Sour-Dough Spelt Bread

First you need a sour-dough culture. Get it from a friend who makes sour-dough, or from a dried culture which you can purchase, for example Health Kultcha.

Like all fermented products, keeping a sour-dough culture takes a little attention because it is a living organism. Once you have your culture growing well, you will need to keep about 2 cups of it in the fridge in a glass container with a close-fitting lid. As needed, or at least once per week, take it out of the fridge, stir well, remove 1 cup of the mixture, then add ½ cup spelt flour and ½ cup water, stir and return to the fridge. If you are making bread, use the 1 cup of culture to start the bread, if you are just feeding the culture, discard the 1 cup or give it to a friend to start their own.

Now for making the bread. It is best to start this in the evening, so it can rise all night, and be ready for the oven first thing in the morning. If your conditions are very ideal, and the ambient temperature is warm, this might happen quicker - it will depend on so many factors; you will have a living relationship with your culture!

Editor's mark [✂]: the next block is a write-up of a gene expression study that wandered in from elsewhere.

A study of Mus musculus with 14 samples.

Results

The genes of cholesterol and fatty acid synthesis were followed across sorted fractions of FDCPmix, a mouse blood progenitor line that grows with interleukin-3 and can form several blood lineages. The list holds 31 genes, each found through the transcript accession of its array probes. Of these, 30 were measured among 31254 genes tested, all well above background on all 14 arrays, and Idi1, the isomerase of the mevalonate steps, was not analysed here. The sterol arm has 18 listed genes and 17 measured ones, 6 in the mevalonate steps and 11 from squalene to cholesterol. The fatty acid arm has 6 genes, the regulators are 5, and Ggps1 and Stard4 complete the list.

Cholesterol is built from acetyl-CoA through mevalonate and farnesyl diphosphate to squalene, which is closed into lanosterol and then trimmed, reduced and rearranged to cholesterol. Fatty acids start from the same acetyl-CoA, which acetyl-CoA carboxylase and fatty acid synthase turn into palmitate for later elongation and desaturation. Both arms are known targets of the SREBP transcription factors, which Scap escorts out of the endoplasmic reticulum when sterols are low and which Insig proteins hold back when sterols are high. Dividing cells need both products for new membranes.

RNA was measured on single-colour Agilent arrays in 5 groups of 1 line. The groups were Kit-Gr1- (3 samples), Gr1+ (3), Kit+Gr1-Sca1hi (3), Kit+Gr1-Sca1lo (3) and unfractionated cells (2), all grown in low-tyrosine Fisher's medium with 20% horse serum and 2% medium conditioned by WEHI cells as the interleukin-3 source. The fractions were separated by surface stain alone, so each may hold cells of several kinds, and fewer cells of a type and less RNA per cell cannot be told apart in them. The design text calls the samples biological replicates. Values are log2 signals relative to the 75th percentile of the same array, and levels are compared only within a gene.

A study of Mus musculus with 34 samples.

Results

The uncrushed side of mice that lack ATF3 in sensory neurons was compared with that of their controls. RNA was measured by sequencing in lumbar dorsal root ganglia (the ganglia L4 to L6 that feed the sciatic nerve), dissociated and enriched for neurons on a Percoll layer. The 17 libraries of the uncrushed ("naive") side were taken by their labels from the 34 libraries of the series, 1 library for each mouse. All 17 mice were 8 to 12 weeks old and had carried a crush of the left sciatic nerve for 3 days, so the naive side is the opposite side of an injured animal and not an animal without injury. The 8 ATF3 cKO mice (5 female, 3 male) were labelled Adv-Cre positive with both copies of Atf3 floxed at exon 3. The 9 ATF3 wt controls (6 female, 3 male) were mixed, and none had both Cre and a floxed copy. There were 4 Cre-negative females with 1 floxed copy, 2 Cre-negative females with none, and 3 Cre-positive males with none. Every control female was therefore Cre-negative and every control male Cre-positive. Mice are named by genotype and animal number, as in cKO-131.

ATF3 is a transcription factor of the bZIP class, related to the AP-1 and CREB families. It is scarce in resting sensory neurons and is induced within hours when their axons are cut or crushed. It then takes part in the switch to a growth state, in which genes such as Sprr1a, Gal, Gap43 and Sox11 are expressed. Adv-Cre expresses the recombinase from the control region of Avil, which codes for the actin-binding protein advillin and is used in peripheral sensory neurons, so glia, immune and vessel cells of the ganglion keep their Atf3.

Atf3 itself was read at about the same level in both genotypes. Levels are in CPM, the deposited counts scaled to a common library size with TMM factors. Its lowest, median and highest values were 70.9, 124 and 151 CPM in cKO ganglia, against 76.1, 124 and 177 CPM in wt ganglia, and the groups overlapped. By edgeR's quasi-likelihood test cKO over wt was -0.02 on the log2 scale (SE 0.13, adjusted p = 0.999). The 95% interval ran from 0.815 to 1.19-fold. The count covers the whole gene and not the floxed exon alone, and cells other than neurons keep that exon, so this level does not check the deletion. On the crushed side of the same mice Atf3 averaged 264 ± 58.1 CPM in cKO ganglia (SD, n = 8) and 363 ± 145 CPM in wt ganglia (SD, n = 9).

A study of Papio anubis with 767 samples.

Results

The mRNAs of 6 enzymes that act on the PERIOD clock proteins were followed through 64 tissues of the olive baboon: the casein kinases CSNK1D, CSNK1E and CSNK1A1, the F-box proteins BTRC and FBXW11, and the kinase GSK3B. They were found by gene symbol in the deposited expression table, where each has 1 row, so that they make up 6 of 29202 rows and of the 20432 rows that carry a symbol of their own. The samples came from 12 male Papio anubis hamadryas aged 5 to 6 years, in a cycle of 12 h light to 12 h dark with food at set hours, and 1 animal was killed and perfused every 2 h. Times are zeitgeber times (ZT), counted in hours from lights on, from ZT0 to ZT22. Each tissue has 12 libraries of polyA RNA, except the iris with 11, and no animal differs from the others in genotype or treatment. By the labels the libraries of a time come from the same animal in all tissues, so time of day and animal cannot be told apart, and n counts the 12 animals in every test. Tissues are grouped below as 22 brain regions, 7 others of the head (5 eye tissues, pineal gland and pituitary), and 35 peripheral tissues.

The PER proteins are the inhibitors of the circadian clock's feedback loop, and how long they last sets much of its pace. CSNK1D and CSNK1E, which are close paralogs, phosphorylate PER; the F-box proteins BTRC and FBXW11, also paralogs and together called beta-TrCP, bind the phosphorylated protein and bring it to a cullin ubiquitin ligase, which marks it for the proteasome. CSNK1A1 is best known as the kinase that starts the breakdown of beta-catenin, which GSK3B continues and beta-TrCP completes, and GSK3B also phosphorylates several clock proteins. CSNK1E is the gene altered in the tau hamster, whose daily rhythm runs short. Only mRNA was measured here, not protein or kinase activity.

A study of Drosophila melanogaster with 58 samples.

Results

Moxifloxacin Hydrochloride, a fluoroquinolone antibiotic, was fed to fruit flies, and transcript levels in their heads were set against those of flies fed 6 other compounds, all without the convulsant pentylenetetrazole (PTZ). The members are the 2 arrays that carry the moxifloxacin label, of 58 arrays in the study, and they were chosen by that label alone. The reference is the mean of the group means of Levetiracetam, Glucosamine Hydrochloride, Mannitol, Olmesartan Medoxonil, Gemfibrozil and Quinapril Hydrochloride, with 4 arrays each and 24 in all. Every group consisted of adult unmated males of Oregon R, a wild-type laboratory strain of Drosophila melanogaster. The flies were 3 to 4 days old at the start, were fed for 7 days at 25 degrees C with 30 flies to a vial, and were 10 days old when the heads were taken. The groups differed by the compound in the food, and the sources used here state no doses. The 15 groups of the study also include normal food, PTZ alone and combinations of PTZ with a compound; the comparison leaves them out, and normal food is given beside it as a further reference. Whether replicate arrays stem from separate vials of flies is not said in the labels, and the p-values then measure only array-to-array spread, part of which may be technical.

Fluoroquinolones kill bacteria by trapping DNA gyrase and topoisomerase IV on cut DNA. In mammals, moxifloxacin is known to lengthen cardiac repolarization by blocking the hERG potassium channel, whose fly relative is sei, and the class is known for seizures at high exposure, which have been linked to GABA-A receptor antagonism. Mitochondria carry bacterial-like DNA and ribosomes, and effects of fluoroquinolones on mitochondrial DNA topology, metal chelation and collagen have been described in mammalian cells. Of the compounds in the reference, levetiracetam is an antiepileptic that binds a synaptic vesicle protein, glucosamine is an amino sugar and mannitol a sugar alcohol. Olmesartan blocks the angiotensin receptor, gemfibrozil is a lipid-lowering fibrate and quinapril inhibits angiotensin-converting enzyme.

1 cup culture from your jar in the fridge.

1 cup water warmed to blood heat

1 cup organic spelt flour

  • Mix these three ingredients together, then put aside until mixture bubbles and froths. This will take anything from 15 mins to a couple of hours.
  • Then add:
  • 2 teaspoons salt
  • 3 cups - 400 gms, spelt flour
  • Stir till it is stretchy, about 5 mins.
  • Then add enough additional flour to knead it into a springy, non-sticky dough. Spelt bread does not have such a firm bounce as wheat bread does – that is, it will still be softer than wheat bread. Spelt is quicker to work with than wheat, so don’t be too heavy-handed.
  • Place dough in the bread tin, cover with a cloth, and leave to rise till it is just past the top of the tin. For me, this is usually overnight.
  • Bake for 15 mins at 210, and for a further 45 minutes at 180 degrees C. In my experience, sour-dough bread takes longer to cook than yeast-raised bread.
  • Pop it out of the tin, check that the bottom sounds REALLY hollow when tapped, and cool - if indeed you can wait that long!
  • Although spelt is not gluten free, the sour-dough fermenting process pre-digests it so that it is much more absorbable and does not provoke typical intolerance reactions. Nevertheless, monitor you own response.

Although spelt grain is not gluten free, it is often better tolerated by those who have gluten senstivies.